Yankee Institutes investigative reporter Zach Janowski examined the IRS reports of The Universal Health Care Foundation for the last few years from 2004 through 2008 and discovered – big surprise! – that the foundation “gave more than $1.1 million dollars in grants to organizations affiliated with its own board members.”
The Universal Health Care Foundation, Mr. Janowski reported, “has a unique history. It was created to settle a lawsuit by Connecticut’s public employee unions, then-Attorney General Richard Blumenthal and then-Comptroller Nancy Wyman against Anthem when it purchased Blue Cross and Blue Shield.”
That was then.
It did not take the foundation long to butter the bread of those affiliated with the Blumenthal inspired organization.
Under the direction of Mr. Blumenthal, the mandate of the attorney general’s office often seemed to be the regulation of private businesses that had in some way or other run afoul of consumer protection regulations. In the course of his 20 year tenure as attorney general, Mr. Blumenthal either sued or threatened to sue such various businesses as cereal makers and internet ad producers. The threat of costly suits that easily could last for years often was enough to bring to their knees those accosted by the attorney general’s office, even in cases where culpability was questionable.
In 1997, Mr. Blumenthal, state Comptroller Nancy Wyman and a coalition of labor and advocacy organizations brought suit against the for-profit Anthem Insurance Company following Anthem's merger with the non-profit Blue Cross & Blue Shield of Connecticut. The purpose of the suit was to recover from the merger tax benefits and other concessions that the non-profit Blue Cross & Blue Shield had received over several decades from Connecticut. Anthem agreed to a settlement in 1999 and Mr. Blumenthal withdrew his suit.
The Universal Health Care Foundation, created to facilitate the dispersion of the resulting settlement funds, received $41 million to carry out the conditions of the settlement, described by Mr. Blumenthal at the time as “an historic victory.”
The foundation was charged with effectuating system-wide heath care reform, and the Blumenthal settlement established the foundation’s legal obligation to improve health care for those most needing it.
Juan Figueroa, chosen by the Hartford Business Journal in 2007 as "Health Care Hero," became president of the organization in January, 2003. Mr. Figueroa has worn several hats during his long and distinguished career: former community organizer, former Connecticut legislator, former assistant attorney general of Connecticut and former president and general counsel of the Puerto Rican Legal Defense and Education Fund in New York. The foundations’ chief focus, Mr. Figueroa said in 2004, was the passage of universal health care.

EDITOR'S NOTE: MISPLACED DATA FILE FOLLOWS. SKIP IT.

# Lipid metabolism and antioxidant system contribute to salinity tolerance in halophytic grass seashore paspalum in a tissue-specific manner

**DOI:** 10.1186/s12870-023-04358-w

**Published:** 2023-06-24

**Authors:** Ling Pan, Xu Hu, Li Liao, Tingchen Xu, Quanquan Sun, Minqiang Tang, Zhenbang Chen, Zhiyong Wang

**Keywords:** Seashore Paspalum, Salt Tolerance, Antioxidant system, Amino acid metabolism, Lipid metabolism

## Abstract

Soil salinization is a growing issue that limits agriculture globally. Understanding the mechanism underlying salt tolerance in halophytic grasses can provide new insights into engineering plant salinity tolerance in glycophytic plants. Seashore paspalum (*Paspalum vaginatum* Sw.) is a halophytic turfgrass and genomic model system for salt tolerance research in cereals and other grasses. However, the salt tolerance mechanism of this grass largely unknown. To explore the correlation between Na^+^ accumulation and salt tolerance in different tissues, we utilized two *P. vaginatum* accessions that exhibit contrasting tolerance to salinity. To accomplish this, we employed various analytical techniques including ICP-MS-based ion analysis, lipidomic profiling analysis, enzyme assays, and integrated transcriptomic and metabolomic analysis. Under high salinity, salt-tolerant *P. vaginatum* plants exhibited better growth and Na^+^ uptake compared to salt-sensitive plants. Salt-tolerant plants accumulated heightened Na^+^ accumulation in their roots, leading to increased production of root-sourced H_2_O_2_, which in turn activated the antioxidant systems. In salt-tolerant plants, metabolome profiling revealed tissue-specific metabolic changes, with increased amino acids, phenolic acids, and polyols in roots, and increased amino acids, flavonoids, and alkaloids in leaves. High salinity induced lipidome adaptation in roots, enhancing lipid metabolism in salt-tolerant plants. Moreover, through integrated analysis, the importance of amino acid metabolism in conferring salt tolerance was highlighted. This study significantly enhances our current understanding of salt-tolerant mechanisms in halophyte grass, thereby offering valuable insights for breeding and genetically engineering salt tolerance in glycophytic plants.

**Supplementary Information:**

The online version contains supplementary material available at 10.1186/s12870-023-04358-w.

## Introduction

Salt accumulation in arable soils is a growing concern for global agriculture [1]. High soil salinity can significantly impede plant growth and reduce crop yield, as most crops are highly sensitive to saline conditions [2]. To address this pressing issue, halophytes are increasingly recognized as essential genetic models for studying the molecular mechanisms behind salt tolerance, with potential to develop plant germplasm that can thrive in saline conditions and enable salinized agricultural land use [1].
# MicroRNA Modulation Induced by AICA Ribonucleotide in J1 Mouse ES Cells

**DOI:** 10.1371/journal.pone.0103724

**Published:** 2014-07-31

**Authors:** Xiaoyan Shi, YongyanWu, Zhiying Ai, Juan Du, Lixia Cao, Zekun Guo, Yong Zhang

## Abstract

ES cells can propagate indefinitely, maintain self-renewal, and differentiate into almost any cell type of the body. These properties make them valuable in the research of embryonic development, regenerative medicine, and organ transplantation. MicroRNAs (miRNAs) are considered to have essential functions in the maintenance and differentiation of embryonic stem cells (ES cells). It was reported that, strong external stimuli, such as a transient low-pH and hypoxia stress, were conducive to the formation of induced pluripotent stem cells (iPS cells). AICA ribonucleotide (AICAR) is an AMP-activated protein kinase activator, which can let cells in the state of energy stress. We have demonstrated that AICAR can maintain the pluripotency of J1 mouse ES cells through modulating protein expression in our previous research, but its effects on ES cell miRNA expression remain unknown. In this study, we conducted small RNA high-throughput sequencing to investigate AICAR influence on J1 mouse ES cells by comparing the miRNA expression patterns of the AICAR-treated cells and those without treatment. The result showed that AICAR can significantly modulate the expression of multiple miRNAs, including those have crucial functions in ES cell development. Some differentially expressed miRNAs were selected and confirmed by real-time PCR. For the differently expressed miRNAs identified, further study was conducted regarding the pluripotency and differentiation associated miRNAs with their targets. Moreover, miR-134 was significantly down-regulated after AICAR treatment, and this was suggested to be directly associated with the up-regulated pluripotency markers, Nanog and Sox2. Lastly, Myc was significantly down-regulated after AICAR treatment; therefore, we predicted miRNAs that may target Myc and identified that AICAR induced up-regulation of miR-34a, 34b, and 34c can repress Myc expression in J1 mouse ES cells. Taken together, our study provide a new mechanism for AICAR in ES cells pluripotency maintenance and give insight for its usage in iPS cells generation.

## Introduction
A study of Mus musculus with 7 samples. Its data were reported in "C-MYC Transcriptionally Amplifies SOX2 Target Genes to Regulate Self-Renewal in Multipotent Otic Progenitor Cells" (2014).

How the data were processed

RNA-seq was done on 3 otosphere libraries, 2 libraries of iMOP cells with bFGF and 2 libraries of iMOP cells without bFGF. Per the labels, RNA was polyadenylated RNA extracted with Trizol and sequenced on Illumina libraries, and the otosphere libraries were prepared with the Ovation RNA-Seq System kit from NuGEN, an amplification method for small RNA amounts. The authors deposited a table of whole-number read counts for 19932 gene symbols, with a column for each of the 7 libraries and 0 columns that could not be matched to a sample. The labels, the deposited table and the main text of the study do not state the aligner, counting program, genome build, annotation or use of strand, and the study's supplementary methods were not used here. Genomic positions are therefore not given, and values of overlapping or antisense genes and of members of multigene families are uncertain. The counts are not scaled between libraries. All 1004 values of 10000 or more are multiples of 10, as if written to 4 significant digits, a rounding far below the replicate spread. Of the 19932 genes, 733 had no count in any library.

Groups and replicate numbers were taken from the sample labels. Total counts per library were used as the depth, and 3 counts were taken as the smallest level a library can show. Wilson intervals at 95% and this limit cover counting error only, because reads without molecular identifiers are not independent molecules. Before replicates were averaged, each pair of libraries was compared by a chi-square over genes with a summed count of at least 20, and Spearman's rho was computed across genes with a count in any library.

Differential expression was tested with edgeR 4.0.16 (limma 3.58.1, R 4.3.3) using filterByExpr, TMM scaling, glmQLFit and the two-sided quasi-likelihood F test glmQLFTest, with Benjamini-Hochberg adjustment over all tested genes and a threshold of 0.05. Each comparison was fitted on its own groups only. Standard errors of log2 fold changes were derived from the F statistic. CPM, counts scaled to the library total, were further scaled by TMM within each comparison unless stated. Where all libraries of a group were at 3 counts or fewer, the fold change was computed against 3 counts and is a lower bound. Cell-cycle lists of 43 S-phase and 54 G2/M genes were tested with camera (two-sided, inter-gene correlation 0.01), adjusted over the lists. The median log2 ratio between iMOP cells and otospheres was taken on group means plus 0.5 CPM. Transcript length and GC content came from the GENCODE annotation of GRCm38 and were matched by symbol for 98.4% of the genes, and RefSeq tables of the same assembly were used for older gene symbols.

According to its mission statement, the foundation’s vision embraces “a system of affordable, quality health care that is accessible to all Connecticut residents. People and communities will be healthy and live in a just society that focuses on prevention and the health of all people. The health care workforce will be ethnically and racially diverse. Its workplace will value employees and the people they serve.”
Mr. Janowski reports that the grants given byThe Universal Health Care Foundation to organizations affiliated with it’s own board members represent “13 percent of total foundation awards over the five year period… These and other activities funded by the foundation generated support for several iterations of SustiNet legislation before the General Assembly, including a current bill calling for a government-run insurance company or public option.”
And Mr. Janowski’s report does not hesitate to name names and cite figures:
“Lori Pelletier, vice-chairman of the foundation and its parent organization, the Connecticut Health Advancement and Research Trust, is the secretary-treasurer of Connecticut AFL-CIO.Mr. Blumenthal, elevated to the U.S. Senate from his former position as attorney general, possibly was in no condition or mood to monitor the incestuous connections between The Universal Health Care Foundation and those member unions of the AFL-CIO that received funds from Mr. Blumenthal’s settlement. To make the connections more transparent, Mr. Janowski has supplied in his report a chart that even an ex-attorney general may easily follow:
“Connecticut AFL-CIO did not receive any money directly from the foundation. However, five of its member unions received money during the past five years for a total of $304,000.
“Pelletier is also a trustee of the John J. Driscoll United Labor Agency (received $147,100), an advisory board member of Grow Jobs Connecticut (received $166,300) and a board member of Citizens for Economic Opportunity (received $475,000).”
Far removed from his former responsibilities, it is not likely Mr. Blumenthal can provide a necessary corrective by, say, bringing suit to recover the funds that have enriched unions. But current Attorney General George Jepsen, the heir of Mr. Blumenthal’s legacy, may want to have a look see at Mr. Janowski’s pie chart.